News & Events
Pulitzer-winning expert on child refugee crisis kicks off yearlong look at immigration
Pulitzer Prize winning journalist and author Sonia Nazario will speak at 7:30 p.m., Sept. 11, in Fox Hall at Eckerd College. The event is free and open to the public.
Nazario will discuss her best-selling book Enrique’s Journey and the ongoing refugee crisis along the U.S./Mexico border involving tens of thousands of Central American children fleeing violent drug gangs.
During her appearance at Eckerd, Nazario will be joined by Lourdes Flores, the mother of Enrique, the subject of her book. It will be their first joint public lecture.
Enrique’s Journey is the true story of a Honduran boy who embarks alone on a perilous quest to find his mother, who left him 11 years earlier to find work in the U.S.
Based on the Los Angeles Times series that won two Pulitzer Prizes, the George Polk Award for International Reporting and the Grand Prize of the Robert F. Kennedy Journalism Awards, Enrique’s Journey puts a human face on the debate about immigration in the United States. The book won the 2011 Williams College Book Award Program and has been translated into eight languages. It was the required summer reading selection for all Eckerd freshmen and seniors.
Nazario, who retraced Enrique’s path atop freight trains bound for the U.S., has become an outspoken advocate for Central American children seeking refuge from the violence of drug gangs back home.
While the refugee crisis has receded from the headlines in recent weeks, it is far from resolved. In a richly reported piece for the New York Times in July, A Refugee Crisis, Not an Immigration Crisis, Nazario made the case for dealing humanely with these undocumented child immigrants.
“It would be a disgrace if this wealthy nation turned its back on the 52,000 children who have arrived since October, many of them legitimate refugees,’’ Nazario wrote. “This is not how a great nation treats children.”
Public opinion supports Nazario’s position. “Democrats (80 percent), independents (69 percent) and Republicans (57 percent) favor offering support to unaccompanied children while a process to review their cases gets underway,” the Washington Post reported, based on a survey by the Public Religion Research Institute.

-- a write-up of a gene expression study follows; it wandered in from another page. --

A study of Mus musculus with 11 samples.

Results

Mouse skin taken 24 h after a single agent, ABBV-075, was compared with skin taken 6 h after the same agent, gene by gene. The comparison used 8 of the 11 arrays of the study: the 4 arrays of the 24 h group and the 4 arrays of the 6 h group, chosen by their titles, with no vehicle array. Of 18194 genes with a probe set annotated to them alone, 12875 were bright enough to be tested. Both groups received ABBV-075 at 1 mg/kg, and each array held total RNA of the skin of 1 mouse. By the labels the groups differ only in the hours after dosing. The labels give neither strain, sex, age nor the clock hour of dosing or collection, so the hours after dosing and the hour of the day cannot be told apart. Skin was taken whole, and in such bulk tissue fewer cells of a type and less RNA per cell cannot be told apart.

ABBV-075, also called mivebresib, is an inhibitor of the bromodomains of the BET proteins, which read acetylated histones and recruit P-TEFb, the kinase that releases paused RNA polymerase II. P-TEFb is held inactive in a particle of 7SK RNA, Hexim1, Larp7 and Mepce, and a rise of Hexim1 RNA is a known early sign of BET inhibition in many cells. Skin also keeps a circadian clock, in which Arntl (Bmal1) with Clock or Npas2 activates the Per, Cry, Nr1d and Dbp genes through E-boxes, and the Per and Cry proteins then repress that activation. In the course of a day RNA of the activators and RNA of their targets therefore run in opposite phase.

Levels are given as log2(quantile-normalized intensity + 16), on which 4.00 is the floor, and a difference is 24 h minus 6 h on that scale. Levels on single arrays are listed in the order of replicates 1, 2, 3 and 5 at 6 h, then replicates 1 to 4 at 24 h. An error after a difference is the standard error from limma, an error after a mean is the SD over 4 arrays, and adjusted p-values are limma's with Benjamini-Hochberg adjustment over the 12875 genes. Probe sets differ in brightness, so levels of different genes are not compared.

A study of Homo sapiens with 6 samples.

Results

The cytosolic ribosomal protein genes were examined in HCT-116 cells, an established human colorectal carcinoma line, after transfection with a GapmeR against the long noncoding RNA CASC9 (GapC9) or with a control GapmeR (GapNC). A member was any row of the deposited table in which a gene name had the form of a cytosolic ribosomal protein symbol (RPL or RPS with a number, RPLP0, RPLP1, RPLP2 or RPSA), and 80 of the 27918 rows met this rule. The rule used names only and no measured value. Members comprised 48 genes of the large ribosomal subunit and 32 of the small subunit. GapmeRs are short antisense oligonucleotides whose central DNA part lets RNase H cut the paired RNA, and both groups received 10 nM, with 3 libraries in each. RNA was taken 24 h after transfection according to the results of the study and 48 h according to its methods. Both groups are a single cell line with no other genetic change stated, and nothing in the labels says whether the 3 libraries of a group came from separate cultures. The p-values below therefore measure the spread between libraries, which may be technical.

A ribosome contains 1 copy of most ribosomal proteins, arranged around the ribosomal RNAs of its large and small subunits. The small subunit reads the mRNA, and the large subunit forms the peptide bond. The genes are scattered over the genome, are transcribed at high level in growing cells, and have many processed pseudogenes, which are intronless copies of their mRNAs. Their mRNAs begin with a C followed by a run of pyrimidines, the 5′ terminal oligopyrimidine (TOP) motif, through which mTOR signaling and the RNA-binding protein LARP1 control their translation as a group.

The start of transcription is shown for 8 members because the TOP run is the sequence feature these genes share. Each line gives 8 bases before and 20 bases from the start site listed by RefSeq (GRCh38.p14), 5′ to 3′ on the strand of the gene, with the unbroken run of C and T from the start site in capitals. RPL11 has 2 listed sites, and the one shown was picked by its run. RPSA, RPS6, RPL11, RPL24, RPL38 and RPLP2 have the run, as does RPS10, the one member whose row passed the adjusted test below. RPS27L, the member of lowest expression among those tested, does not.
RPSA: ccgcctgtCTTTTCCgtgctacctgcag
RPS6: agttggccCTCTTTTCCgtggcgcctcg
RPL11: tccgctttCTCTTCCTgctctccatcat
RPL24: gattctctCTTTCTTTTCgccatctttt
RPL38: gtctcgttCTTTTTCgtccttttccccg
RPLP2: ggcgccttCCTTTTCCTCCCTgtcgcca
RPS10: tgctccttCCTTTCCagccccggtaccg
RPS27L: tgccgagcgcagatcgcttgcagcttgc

Nazario returned to Honduras this year and was shocked by what she discovered. “I last went to Nueva Suyapa in 2003, to write about another boy, Luis Enrique Motiño Pineda, who had grown up there and left to find his mother in the United States,’’ she wrote in the New York Times. “Children from Central America have been making that journey, often without their parents, for two decades. But lately something has changed, and the predictable flow has turned into an exodus.
“Three years ago, about 6,800 children were detained by United States immigration authorities and placed in federal custody; this year, as many as 90,000 children are expected to be picked up. Around a quarter come from Honduras—more than from anywhere else. Children still leave Honduras to reunite with a parent, or for better educational and economic opportunities. But, as I learned when I returned to Nueva Suyapa...a vast majority of child migrants are fleeing not poverty, but violence. As a result, what the United States is seeing on its borders now is not an immigration crisis. It is a refugee crisis.”
The Sept. 11 appearance by Nazario and Flores kicks off a series of events at Eckerd College focused on immigration issues, titled “Between Worlds: Immigration, Identity and Globalization.” The events include talks by U.S. Rep. David Jolly, the consul to Mexico in Orlando, and Jose Godinez-Samperio, an undocumented immigrant whose legal fight to practice law in Florida led to a change in state law.